Disabled Access Day: sport can create a level playing field throughout communities

As a passionate supporter of this weekend’s Disabled Access Day in the UK, I’m hoping it will enable greater numbers of people with disabilities to find and try new things in a friendly welcoming accessible environment.

What is Disabled Access Day?

On Saturday (16th March) Disabled Access Day will feature widespread events designed to break down barriers and to help disabled people widen their activities and options.  You can find all about this excellent initiative here.

This annual event was founded by Paul Ralph in 2015. He had recently discovered how wheelchair accessible the buses were in his home city of Edinburgh and felt inspired to connect people with a disability to the opportunities available to them in their community. Disabled Access Day has grown year on year since and is creating a fantastic impact already.

This clearly fits closely to the reasons I founded Kit Us Out, to change thinking in terms of “limitations”. I utterly loved the ‘Superhuman’s’ campaign by Channel 4, where there was a real focus on a persons ability and not their disability. There can be a real tendency is to focus on the obstacles that can limit the potential of people with disabilities rather than celebrating their potential and successes.

One of the best places to celebrate these successes is undoubtedly the sports arena. This is where they can find confidence, improved mental health and a level of acceptance that can empower them in many other aspects of daily life.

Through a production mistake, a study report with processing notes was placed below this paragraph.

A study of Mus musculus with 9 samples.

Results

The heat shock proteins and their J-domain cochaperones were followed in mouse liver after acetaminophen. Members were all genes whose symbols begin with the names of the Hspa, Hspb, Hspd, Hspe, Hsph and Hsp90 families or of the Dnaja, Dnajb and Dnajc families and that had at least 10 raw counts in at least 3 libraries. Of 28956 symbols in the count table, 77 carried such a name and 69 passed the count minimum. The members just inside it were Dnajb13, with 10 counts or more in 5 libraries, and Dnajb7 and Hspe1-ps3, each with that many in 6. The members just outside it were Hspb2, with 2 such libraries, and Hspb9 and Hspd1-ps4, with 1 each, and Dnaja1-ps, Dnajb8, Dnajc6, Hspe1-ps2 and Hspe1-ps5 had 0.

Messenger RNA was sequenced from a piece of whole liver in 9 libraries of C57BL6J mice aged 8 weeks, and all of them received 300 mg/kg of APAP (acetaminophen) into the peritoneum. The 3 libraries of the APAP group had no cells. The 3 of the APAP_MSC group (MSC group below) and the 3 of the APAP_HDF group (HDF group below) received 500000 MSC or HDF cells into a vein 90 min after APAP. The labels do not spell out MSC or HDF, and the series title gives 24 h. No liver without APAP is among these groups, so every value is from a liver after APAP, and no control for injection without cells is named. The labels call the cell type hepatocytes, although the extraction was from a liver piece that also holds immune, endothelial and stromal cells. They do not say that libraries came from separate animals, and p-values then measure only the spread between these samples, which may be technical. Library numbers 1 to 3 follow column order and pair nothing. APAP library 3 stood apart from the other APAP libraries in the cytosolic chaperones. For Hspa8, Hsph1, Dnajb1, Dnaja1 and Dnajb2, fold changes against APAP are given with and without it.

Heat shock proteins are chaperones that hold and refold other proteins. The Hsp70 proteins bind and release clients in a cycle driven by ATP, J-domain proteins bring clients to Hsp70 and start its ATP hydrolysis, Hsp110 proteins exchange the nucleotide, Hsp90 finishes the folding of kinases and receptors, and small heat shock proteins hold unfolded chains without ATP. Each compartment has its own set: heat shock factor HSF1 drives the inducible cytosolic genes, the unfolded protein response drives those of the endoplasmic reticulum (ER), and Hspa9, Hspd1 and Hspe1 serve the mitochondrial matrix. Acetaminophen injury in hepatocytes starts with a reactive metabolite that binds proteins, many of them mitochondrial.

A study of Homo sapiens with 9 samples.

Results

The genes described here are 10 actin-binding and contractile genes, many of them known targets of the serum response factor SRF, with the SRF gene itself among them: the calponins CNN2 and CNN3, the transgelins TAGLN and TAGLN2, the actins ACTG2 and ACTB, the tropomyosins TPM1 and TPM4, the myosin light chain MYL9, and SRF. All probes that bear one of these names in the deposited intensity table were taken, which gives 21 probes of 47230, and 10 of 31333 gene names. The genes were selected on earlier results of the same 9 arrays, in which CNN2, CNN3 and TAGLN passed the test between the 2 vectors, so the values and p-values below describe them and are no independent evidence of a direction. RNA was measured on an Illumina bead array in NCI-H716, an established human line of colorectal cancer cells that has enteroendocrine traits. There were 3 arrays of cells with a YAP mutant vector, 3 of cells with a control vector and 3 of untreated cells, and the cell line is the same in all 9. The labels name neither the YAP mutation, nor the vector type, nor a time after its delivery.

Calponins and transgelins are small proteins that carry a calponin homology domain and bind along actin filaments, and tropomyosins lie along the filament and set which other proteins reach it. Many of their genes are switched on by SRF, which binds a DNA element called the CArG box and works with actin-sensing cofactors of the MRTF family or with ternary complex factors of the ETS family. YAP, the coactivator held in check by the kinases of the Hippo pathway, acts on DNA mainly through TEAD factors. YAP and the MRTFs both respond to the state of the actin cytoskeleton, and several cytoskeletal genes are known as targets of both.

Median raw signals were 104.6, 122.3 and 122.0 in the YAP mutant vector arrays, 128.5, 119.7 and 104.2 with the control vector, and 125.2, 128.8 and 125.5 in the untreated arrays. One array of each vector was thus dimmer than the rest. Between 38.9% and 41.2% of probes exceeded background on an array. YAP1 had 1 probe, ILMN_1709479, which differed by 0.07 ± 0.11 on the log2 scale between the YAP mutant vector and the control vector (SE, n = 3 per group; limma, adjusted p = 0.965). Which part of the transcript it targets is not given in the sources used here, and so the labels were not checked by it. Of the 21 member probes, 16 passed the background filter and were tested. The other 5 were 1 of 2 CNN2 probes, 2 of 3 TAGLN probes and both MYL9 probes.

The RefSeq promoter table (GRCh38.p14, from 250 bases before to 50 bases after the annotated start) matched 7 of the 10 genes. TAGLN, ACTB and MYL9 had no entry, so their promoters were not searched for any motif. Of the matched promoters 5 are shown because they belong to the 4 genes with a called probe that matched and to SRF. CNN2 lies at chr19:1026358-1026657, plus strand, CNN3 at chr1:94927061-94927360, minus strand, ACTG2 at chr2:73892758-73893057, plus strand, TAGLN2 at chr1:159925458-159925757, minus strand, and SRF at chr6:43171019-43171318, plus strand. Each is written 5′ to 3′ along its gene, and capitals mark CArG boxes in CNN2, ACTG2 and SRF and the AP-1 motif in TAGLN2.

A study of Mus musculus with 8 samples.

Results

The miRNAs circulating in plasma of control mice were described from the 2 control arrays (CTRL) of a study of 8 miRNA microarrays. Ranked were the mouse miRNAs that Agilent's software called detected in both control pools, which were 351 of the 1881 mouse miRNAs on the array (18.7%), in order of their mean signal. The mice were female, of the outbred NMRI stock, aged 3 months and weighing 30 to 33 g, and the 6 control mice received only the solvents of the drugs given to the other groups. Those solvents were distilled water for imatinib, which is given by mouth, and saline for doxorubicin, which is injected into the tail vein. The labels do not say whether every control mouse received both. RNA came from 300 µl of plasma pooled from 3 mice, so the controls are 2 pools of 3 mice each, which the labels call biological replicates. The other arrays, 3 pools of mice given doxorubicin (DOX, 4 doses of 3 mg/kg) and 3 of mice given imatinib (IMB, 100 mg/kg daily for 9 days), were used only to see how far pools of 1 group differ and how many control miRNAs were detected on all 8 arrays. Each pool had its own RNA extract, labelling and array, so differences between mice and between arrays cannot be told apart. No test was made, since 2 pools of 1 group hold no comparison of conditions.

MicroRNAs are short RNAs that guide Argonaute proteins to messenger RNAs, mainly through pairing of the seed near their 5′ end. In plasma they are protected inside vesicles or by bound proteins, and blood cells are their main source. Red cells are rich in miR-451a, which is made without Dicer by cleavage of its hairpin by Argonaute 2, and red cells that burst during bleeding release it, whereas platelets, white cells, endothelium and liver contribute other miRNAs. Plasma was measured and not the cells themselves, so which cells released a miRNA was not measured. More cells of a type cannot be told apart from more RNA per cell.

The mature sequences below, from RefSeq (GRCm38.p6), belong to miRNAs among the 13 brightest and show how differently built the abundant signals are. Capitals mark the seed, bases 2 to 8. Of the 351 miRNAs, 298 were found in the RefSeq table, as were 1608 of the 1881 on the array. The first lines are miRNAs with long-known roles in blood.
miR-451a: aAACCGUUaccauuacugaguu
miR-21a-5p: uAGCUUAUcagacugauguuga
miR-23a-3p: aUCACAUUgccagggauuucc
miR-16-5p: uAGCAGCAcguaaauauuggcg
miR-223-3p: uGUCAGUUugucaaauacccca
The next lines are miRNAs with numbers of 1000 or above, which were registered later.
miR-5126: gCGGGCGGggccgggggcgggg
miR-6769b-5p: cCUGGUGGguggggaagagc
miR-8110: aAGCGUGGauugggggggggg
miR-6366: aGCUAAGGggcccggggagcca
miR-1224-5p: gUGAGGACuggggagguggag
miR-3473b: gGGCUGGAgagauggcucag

Sport builds and promotes ability

Sport offers personal motivation and betterment. This is not all about competing at an Olympic or Paralympic level, as even competing at a local level can be powerful in removing negative mental blocks.

This is equally true in developing countries, as some still hide disabilities. Having platforms to celebrate achievements can benefit the individuals but also lifts the wider community. This is why Kit Us Out supplies sports kit and equipment to enable para-athletes from developing nations and others to reach their potential and compete on a level playing field.

Some of the athletes our charity supports have faced the added obstacle of competing in communities ravaged by war. Out of a depressing situation, sport can help a great deal. It can unite people from diverse backgrounds, especially if it embraces a wide range of ability levels.

Progress is coming, but more needs to be done

According to Sports England’s most recent statistics (2017), although 65% of people engage in sporting activities of some kind the figure drops to 43% when a disability is involved. This needs to change.

Events such as the Paralympics help to highlight what is possible, and often inspire grassroots involvement. We can also see that the Invictus Games – founded by the Duke of Sussex – does a huge amount to support wounded veterans.

One of the most uplifting examples of the way sport can motivate people with disabilities can be found in Scot David Melrose. The former firefighter who broke his back recently competed for his country in the World Wheelchair Curling Championships. It is the start of his campaign to participate in the next Paralympics.

Major events and shining examples such as David show what is possible, but as a nation, we should be delivering diverse sporting opportunities year round, at every level.

This will not only empower participants but start to break down some of the preconceptions and misinformation that holds them back too. 

The victories will not only be measured in medals, but also in changing attitudes and wider acceptance.